Guess what engine they used in this Maserati 250F replica

The answer might surprise you.

As much as we’re big fans of the cars with which those engines are typically associated, initially we balked— even we have to admit to being a bit underwhelmed. Then we realized that the original 250F likewise used a straight-six engine, which we suspect had a lot to do with the choice (or perhaps lack thereof) here. A lot of thought and careful deliberation must have gone into this decision, we’re sure.

What else could they have used in this build?


12 Responses to “Guess what engine they used in this Maserati 250F replica”

  1. B M W m20 well no surprice – Motoring con brios passion.. Could have used a 240Z engine… though.

  2. Great video .

  3. Currently in a train station with no headphones. Is there a link to the build so I can imagine how it sounds while I watch it?

  4. Something looks wrong about its snout shape & proportions… not nearly as elegant as it should be I would suggest. Also, why the cycle-guards too? Neko.

  5. The sound is a little underwhelming in my opinion (which in a car like this is half the fun). Maybe they went this route as a placeholder of sorts until a suitable maser six surfaced?

    A jag six might be a little more period correct, but still a tough choice.

  6. The M20 is both a small and light engine (compared to most other straight sixes.) I’m just going to guess that’s why it was selected. It looks like it fills up the engine bay pretty well, I’m not sure a DOHC engine like a Jag six could fit. A 240z engine isn’t crossflow, but it would exhaust on the correct side. ref: http://upload.wikimedia.org/wikipedia/commons/0/0d/Maserati_250F_engine.jpg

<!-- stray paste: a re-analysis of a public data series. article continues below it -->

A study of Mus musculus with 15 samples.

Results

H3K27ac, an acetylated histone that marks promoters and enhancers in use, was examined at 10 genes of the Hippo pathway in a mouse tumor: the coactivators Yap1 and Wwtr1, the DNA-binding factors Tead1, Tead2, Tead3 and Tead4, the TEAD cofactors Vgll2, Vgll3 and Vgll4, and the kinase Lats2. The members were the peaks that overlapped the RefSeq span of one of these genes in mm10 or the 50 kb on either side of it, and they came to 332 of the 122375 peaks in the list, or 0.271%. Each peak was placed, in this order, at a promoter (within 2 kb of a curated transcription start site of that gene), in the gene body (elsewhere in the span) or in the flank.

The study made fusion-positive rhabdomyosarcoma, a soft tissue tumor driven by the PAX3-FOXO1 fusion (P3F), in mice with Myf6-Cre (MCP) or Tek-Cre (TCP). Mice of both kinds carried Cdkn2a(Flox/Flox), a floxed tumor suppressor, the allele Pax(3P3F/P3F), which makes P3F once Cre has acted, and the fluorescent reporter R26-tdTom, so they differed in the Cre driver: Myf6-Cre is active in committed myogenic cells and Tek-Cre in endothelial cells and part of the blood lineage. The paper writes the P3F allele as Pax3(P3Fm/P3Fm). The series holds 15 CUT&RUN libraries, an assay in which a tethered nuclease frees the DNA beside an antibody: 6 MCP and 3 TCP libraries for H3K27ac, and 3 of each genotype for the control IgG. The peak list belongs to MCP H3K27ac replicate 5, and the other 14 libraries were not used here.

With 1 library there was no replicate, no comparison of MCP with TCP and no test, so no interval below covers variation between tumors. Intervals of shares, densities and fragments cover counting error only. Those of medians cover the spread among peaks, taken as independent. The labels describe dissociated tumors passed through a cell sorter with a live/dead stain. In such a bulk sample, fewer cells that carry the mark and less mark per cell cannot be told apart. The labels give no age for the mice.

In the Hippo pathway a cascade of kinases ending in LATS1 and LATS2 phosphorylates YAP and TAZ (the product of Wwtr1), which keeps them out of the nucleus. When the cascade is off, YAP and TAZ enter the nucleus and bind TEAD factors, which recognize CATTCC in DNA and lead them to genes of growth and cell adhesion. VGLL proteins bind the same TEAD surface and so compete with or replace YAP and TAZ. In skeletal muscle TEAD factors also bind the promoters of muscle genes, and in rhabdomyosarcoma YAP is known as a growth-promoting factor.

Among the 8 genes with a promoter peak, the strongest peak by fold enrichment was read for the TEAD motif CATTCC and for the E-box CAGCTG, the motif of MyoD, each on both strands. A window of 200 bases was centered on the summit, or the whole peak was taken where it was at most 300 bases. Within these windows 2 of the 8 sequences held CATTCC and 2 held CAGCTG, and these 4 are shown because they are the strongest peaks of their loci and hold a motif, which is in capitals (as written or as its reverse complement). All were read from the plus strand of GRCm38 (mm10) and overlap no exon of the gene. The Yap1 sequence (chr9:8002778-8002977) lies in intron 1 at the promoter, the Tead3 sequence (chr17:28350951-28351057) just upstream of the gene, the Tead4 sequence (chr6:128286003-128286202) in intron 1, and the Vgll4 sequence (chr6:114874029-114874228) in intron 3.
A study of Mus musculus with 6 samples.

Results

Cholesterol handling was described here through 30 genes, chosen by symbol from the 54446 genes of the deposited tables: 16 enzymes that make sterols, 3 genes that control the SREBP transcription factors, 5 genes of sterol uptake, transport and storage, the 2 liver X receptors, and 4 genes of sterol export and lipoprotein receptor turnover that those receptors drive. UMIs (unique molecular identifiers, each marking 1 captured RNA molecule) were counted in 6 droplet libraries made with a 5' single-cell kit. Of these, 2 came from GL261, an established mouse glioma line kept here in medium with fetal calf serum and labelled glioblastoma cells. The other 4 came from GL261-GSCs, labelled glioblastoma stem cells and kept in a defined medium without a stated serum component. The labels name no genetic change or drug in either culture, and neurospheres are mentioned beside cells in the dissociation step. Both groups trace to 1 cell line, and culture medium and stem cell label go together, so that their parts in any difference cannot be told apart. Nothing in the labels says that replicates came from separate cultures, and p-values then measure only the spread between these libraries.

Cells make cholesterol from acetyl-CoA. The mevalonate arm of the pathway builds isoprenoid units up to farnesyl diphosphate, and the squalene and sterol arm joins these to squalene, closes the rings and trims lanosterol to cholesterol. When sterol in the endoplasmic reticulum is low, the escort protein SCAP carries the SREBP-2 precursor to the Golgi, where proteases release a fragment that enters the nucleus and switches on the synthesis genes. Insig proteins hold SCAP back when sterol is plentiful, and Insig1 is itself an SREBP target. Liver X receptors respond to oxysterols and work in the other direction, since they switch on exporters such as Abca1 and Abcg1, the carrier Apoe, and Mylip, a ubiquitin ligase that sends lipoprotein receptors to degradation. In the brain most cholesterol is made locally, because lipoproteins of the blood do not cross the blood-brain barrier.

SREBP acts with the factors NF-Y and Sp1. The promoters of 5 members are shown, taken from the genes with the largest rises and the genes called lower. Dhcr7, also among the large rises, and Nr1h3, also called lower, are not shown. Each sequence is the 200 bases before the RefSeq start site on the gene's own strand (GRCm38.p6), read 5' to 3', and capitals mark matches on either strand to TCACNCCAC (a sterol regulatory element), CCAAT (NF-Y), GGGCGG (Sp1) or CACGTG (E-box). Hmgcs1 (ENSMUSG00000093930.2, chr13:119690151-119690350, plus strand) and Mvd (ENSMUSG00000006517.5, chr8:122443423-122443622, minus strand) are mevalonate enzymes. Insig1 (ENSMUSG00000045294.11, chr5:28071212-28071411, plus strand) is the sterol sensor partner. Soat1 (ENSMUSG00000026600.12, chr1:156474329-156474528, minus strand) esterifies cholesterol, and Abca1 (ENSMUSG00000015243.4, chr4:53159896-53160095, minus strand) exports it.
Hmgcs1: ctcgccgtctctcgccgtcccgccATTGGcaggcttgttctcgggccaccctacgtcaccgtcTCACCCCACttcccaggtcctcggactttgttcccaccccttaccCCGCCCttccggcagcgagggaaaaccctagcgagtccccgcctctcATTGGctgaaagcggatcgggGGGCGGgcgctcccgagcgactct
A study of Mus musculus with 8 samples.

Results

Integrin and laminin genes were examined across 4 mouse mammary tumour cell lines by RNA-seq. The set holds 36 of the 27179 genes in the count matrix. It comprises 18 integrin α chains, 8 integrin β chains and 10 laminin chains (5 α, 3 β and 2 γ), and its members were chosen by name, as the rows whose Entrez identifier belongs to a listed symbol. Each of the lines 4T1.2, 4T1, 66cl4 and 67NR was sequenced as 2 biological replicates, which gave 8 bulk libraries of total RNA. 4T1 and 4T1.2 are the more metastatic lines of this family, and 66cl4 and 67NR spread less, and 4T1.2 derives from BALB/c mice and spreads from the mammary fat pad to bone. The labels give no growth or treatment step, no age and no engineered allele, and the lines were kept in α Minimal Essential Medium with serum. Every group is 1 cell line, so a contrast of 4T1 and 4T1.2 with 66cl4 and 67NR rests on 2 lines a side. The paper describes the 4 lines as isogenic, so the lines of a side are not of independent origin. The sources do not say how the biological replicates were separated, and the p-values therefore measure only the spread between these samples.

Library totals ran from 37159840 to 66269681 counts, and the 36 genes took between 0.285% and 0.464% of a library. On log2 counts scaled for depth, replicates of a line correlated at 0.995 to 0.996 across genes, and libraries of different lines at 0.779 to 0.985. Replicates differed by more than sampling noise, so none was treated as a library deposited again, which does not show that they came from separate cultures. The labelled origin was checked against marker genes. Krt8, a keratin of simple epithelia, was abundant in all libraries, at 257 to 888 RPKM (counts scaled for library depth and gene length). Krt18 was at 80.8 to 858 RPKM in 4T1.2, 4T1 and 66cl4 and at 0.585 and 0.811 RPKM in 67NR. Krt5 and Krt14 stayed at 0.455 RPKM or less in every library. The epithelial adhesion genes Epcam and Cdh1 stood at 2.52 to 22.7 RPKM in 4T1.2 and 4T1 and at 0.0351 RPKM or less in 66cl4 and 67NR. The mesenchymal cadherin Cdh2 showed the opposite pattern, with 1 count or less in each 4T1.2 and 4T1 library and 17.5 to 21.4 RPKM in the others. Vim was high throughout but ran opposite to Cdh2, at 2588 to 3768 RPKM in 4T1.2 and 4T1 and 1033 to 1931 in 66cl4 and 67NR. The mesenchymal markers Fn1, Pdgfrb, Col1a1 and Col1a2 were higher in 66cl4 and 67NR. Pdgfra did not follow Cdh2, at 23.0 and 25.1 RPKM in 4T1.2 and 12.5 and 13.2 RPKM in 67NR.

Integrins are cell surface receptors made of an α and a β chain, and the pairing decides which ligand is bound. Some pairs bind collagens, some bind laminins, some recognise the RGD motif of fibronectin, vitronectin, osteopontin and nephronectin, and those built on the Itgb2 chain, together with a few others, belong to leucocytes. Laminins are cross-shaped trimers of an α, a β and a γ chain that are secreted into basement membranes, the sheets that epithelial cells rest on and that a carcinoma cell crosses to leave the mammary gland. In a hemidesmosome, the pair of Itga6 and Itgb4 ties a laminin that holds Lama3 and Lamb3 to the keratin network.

I do like it though, I’d drive the snot out of it.

    • > A 240z engine isn’t crossflow

      An S20 is just that. But, agree a Jag six would make a better sound… Neko.

  7. There is a rep in Australia with a nissan RB-something or other and its fabulous to see and hear. Ultimately, the latter is all in the tuning and the original specs matter little once you’ve changed cams, induction, manifolds, compression, etc…

  8. As the designer/builder/owner of this car, I can (hopefully) answer a few of the comments raised. The engine (BMW) was selected because of reliabilty and
    the fact that dimensionally as well as being the right capacity, was within a few millimetres of the original. Yes, the exhaust is on the wrong side, however, here in the UK, BMW parts are plentiful, affordable, and they work. As for noise, well I’m not too sure which sounds you have listened too, but I am assured by people who race the originals that its pretty close.
    And, please remember this is a road car. Jump in start her up and go. sit in traffic, no overheating, open her up, 0-60 MPH 5 secs. The engine is unstressed at around 220BHP. Not big figures I admit, however, she weighs
    680KGS, all in. Weight distribution is exactly 50:50 over the axles, so the handling is very neutral and very well balanced. As for Jag engines? great, if you like understeer and a pool of oil on your drive.